Building Trust in Relationships: Courtesy, Respect, and Kindness

The trust you build in relationships can deteriorate when the need to impress our partner wears of. It seems that one of the first things to go in a relationship is manners. This seems to occur shortly after one feels comfortable or safe in the relationship and no longer do acts of kindess come from a desire to affirm your partner loves you. Although either partner may initiate this degradation of interaction, it must be allowed by both in order to continue. We may cease saying "Thank you," when a kindness is done or a courtesy is offered. Or it may not seem necessary to consult with the other in making plans. My personal favorite is finding it no longer necessary to say, "I'm sorry".

It baffles me that this goes unrecognized as having anything to do with the deterioration of a relationship. The random acts of kindness, courtesy, and respect that we may offer to a stranger, doesn't appear to be required in a more intimate relationship in many cases. The courtesy we would expect from a stranger, we don't seem to understand also needs to be expected from our closer connections. It's said that "Familiarity breeds contempt". In my opinion, the reason that contempt is bred, is that contempt is offered. We are indicating a lack of respect and consideration when we either perpetrate or allow the contempt of poor manners. This can effect how we trust or may question our partners love.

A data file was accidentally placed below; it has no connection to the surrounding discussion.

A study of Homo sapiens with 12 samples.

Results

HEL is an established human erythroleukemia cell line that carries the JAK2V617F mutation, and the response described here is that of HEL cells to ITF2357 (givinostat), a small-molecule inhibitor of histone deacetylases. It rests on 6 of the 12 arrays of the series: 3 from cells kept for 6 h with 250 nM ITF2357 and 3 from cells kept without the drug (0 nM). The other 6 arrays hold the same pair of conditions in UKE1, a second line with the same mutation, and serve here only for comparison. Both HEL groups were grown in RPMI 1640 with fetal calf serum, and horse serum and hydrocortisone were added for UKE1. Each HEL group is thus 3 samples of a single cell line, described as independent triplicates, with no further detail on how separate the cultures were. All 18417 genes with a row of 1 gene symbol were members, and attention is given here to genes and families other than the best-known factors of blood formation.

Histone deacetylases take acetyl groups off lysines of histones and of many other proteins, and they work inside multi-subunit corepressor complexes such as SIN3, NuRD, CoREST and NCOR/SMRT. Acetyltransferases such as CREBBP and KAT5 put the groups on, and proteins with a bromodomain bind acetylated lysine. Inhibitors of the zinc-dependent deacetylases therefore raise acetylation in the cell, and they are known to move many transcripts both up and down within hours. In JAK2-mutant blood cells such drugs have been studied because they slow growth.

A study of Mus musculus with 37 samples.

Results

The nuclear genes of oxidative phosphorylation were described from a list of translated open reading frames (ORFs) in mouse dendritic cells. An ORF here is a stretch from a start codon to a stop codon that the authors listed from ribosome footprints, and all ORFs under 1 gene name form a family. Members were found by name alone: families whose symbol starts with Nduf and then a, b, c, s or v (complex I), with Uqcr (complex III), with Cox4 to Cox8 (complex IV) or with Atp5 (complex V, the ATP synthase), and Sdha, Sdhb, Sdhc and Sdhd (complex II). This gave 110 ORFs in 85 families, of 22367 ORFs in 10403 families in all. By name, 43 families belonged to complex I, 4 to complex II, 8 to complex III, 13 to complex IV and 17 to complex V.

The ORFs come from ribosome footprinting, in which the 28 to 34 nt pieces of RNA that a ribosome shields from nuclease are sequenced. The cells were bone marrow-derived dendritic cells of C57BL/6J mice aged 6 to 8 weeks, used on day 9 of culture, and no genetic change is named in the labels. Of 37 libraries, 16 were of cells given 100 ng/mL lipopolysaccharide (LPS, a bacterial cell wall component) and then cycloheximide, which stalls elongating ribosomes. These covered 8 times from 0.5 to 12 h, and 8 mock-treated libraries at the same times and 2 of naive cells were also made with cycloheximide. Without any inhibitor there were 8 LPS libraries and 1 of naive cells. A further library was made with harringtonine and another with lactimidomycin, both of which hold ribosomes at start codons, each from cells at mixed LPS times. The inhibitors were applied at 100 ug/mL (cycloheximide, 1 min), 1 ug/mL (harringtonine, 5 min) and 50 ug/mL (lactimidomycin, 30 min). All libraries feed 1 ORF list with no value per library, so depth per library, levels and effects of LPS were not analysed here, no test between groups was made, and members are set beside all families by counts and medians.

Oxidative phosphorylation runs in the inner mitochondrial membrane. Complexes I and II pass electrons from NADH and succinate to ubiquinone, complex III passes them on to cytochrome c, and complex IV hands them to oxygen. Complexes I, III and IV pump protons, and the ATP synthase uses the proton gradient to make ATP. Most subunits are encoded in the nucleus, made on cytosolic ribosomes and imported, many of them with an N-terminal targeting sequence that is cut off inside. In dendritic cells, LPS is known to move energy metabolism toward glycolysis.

Do you often make demands of strangers? Or do you grant them the respect of having a choice of whether to co-operate with you or not? In many relationships, demands are made of each other that we would be horrified by if presented with them by a mere aquaintance. Is it any wonder we lose trust in each other love falters?

One metaphysical reason why this occurs is that there is a case of mistaken identity. In the depths of our psyche, we have mistaken our partner for ourself. This means that we are treating our partner with the same disrespect that we treat ourselves in our inner dialogue. Or, that we are responding to a level of contempt that we're accustomed to hearing within ourselves. This can be very revealing. Firstly, we have the opportunity to examine how well we treat ourselves through watching our behavior with others. Secondly, we may take a look at the quality of treatment of those we love.

Examine the way that you treat your loved one(s). Do you grant them the courtesy and respect due to the most important person in your life? Do you extend the illusion of unconditional kindness to them only to find you have an ulterior motive? If you cannot honestly answer "Yes", then you may wish to look at your relationship to them, and even more importantly, to yourself.